BGP next-hop self benefits

Hello everyone,

Question, what are the true benefits to using the next-hop self feature, doesn't matter what vendor.

Most information I see is just to make sure you have reach-ability for external routes via IBGP, but what if all your IBGP knows the eBGP links?

Is there a added benefit to using next hop self in this situation?

Any feedback is much appreciated, either for the question specifically or whatever else you got :blush:, L3VPN's or underlying technology that has to have that.


On an IX, without next-hop-self peer A leaking peer B's routes they receive to
C will have C send direct to B on the IX (assuming flat layer 3 addressing,
and not multiple little /30s or /96s everywhere or something - do any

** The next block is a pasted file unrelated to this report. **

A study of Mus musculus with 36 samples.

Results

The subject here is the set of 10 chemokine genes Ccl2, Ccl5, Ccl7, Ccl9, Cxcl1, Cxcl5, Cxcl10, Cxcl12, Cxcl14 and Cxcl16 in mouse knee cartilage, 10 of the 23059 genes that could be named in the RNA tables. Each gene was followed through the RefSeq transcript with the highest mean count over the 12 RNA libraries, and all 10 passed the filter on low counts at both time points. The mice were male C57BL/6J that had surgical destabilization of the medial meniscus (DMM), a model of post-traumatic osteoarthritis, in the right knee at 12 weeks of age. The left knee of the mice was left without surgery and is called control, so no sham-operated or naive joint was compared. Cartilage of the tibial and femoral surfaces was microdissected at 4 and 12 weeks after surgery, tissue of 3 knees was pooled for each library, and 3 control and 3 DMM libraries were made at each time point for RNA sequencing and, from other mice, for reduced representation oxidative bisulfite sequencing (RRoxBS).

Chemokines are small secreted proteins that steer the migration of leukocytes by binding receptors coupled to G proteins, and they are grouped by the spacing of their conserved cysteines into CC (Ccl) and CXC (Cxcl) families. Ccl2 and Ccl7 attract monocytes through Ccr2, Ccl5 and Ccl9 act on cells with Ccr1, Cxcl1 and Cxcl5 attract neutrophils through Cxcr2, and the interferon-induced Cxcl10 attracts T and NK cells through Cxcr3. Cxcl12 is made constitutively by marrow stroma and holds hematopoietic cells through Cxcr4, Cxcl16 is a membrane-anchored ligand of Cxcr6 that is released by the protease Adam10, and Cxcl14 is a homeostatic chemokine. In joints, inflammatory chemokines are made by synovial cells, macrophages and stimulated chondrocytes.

exchanges do that?)

This may seem more efficient than sending C's traffic to A to get to B (pumping up
the IX's usage graphs) but B may not have peering agreements with C.

Setting next-hop-self avoids this. An 'advantage' in some views. Not related to
n-h-s in an igp specifically, but an interesting (mis)use case.


I'd like to add that one major advantage is limiting next-hops, thus
labels in your network. This is not just theoretical concern but there
are plenty of practical networks using practical hardware where you
simply cannot expose all next-hops to every node.


For the MPLS L3VPN the answer is that the next hop attribute needs to be an address from the default VRF and if the peering is happening in a VRF context, there is no address from the default VRF you could use as next hop other than self.

This can be rather inconvenient as there are advantages to have the real next hop. For example fast rerouting works better when all defective routes can be removed in one go because the next hop was removed by the IGP instantly invalidating the affected routes.